Early CD Review: Tom Morello – The Nightwatchman: The Fabled City

By Glen Boyd 2008-09-15 06:12:18
Tom Morello’s second solo album as The Nightwatchman is, musically speaking anyway, a bit louder than last year’s One Man Revolution, although not in the same sense as his better known work with his big arena rock bands Rage Against The Machine and Audioslave.

At the same time, lyrically speaking anyway, The Fabled City has a quieter, more personal feel to it. Here, the songs are populated by characters who for the most part are just trying to eek out a day to day existence or are otherwise just doing whatever they can to survive.

On this album, Morello weaves their stories in the sort of instantly engaging way that owes far more to the everyman tradition of people like Guthrie, Dylan, and Springsteen than to the guitar hero sort of pedigree you’d normally associate with his work in Rage Against The Machine. In songs like “Gone Like the Rain,” we meet for example, folks who discover that “there’s a river in Texas, with a strong undertow, no one crosses it for freedom, no one pans for gold.”

We already knew that Tom Morello is a monster guitarist. But on The Fabled City, he tells smaller stories that resonate in a way that cuts straight to the bone. On this album, Morello proves to be as masterful a storyteller as he is a guitarist.

The Nightwatchman is of course Morello’s alter-ego that he uses as a vehicle for the darker visions of his more stripped down solo work. The songs on The Fabled City are not as overtly political as they were on its predecessor, as Morello has for the most part eschewed the more populist tone of his work with Rage, for the politics of the personal.

Although the musical palette has been expanded somewhat on The Fabled City to include electric full band arrangements, the tone is still one of a starker sounding base of folk and blues. There are also hints of funk (“Whatever It Takes”), gospel (“Saint Isabelle,” and “Lazurus On Down”), and even a hint of country twang (on “The King Of Hell” – who isn’t the devil by the way). The level of struggle and grit here is palpable, and Morello’s lower sounding vocal register suits the brooding tone of these songs perfectly.

The Fabled City opens with the title track, which sounds like the soundtrack to a spaghetti western played out on the streets of L.A.’s Sunset and Crescent, where “the streets are paved in gold, but an iron fence runs around it, and it’s iron gate is closed.” This Mexican sounding musical backdrop is further played out on “The Lights Are On In Spidertown,” where Morello offers up a fabulous solo on the nylon strings, as the backing vocals conjure visions of the Talking Heads gone mariachi.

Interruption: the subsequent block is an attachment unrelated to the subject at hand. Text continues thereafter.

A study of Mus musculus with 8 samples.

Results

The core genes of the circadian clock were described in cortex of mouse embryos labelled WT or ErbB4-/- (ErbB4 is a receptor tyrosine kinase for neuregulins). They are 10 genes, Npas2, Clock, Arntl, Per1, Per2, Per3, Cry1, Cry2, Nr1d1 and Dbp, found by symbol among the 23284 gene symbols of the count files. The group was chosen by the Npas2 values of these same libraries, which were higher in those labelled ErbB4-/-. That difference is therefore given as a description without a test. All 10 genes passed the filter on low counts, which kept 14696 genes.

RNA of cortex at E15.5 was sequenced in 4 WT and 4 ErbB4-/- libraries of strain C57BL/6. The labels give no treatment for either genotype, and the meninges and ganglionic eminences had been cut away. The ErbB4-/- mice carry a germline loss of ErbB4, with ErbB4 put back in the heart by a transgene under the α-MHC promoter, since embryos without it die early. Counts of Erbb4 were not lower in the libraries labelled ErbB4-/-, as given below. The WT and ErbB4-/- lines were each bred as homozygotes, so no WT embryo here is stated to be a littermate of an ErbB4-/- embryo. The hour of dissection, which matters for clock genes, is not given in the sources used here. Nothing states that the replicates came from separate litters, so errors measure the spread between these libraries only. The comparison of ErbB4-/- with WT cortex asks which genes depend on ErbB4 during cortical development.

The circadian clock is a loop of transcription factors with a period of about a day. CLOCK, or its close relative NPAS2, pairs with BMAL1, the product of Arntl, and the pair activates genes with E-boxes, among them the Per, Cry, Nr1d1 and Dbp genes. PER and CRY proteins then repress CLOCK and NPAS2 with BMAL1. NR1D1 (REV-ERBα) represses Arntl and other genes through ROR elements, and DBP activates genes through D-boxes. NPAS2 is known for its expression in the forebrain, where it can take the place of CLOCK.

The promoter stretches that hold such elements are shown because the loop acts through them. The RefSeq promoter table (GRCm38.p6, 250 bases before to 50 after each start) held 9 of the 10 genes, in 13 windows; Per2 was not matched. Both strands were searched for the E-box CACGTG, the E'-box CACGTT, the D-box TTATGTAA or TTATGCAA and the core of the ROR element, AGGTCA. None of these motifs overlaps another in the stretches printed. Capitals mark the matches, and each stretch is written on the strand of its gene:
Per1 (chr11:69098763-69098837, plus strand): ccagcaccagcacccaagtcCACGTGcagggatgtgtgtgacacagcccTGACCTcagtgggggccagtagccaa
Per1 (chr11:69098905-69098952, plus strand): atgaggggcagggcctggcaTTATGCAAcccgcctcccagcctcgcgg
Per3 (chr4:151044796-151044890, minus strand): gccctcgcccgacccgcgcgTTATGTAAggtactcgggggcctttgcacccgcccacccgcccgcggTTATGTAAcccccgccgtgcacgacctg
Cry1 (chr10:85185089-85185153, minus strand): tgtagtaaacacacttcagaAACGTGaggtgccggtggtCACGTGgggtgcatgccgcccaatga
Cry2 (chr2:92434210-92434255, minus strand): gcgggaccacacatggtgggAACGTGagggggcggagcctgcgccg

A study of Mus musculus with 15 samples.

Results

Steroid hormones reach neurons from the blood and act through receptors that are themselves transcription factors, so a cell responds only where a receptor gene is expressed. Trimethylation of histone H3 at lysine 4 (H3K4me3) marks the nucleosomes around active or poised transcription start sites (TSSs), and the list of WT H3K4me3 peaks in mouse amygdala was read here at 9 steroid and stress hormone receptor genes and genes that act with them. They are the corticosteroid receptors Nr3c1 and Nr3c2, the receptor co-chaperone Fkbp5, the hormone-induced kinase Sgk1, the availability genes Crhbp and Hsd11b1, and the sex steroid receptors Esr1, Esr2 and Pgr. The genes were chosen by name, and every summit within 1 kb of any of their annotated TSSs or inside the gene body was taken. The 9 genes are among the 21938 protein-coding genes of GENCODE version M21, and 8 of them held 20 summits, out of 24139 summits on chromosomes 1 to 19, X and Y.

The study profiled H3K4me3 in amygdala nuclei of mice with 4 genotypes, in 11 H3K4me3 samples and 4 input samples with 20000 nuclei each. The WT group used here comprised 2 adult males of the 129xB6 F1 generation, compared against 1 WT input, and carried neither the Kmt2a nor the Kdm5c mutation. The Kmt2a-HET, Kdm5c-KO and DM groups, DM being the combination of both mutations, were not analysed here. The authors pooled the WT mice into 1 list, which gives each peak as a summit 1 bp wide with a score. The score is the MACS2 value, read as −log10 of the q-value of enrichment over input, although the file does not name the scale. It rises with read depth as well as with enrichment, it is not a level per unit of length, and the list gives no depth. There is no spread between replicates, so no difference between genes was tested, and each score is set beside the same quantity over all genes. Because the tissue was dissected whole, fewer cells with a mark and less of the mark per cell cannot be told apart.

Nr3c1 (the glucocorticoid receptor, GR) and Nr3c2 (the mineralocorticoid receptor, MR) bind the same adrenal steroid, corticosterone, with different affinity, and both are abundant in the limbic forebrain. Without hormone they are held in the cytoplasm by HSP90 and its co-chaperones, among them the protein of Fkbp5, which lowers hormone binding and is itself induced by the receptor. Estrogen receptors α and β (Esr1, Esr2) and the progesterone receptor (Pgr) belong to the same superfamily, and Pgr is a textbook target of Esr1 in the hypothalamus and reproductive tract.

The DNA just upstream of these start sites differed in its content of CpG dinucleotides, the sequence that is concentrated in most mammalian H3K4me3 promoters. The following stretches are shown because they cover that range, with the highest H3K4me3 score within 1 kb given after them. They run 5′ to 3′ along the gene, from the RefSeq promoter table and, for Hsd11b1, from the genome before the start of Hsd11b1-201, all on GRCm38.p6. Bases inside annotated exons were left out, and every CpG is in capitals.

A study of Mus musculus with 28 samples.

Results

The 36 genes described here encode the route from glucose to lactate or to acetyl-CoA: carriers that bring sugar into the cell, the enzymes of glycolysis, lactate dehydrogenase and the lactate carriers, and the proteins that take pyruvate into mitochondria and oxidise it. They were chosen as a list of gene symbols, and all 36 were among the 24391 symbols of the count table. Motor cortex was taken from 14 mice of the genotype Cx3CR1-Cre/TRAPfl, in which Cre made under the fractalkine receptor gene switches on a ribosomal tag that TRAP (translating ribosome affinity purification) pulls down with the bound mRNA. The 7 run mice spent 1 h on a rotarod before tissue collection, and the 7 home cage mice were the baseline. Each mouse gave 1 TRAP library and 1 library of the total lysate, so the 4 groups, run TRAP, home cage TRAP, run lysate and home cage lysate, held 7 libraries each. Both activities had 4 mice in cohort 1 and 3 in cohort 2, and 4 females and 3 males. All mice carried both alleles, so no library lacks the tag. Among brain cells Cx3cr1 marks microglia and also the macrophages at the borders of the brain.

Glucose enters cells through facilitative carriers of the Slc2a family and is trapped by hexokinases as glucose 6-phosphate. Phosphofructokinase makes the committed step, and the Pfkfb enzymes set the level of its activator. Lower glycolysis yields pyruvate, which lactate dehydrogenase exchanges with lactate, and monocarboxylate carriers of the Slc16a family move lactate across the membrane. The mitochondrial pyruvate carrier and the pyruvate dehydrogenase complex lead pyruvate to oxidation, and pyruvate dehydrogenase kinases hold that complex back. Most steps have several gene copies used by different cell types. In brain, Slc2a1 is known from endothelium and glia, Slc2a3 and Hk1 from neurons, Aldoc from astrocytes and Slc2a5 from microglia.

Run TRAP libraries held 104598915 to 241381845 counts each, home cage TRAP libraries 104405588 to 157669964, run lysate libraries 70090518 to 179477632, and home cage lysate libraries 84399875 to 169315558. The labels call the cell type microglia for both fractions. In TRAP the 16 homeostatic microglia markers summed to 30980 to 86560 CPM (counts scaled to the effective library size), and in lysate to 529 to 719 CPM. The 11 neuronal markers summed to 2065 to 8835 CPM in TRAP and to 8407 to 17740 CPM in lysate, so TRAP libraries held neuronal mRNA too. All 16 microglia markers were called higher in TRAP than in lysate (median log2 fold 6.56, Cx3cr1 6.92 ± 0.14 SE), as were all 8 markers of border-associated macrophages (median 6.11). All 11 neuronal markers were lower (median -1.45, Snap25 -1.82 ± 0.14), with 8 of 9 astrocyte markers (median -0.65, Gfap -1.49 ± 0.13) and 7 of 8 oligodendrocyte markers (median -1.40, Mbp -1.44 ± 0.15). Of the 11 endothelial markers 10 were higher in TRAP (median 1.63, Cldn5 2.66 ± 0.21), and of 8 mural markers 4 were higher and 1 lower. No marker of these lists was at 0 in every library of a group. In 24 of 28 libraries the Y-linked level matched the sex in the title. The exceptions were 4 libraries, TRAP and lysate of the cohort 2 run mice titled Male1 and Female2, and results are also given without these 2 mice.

On the most overtly political song here, it’s “Midnight In The City Of Destruction.”

On this song, Morello calls for no less than the head of Bush on a platter. "I pray that God himself will come and drown the president if the levees break again,” Morello sings in one line. In another, he puts himself within the walls of Guantanamo Bay, Cuba, describing a “secret prison that keeps it’s secrets well.”

On “The Iron Wheel,” Morello is joined by Shooter Jennings to describe the treadmill of “the iron wheel that slowly spins around, it takes you from the cradle till’ your six feet underground, you’ll ride the wheel till your through, and those who spin the wheel, well, those fuckers ride it too.”

On “Lazurus On Down,” Morello is joined by System Of A Down’s Serj Tankian, although he is barely recognizable here.

Earlier this year Tom Morello joined Bruce Springsteen onstage in Los Angeles for an electrifying version of the latter’s “Ghost Of Tom Joad.” Taken within the context of the songs on The Fabled City, the collaboration seems a fitting one. Like Springsteen’s Woody Guthrie inspired songs on the Joad album, the characters on Morello’s The Fabled City for the most part are living out a sort of dust bowl existence with the hooves of the apocalypse’s fabled four horsemen sounding not that far off in the distance.

It is the sort of bleak lyrical landscape that is perfectly matched by the dark, folk and blues based arrangements of this amazing record – one which signals the arrival of Tom Morello as a songwriter every bit as great as we already know him as a guitarist.

The Nightwatchman’s The Fabled City arrives in record stores on September 30.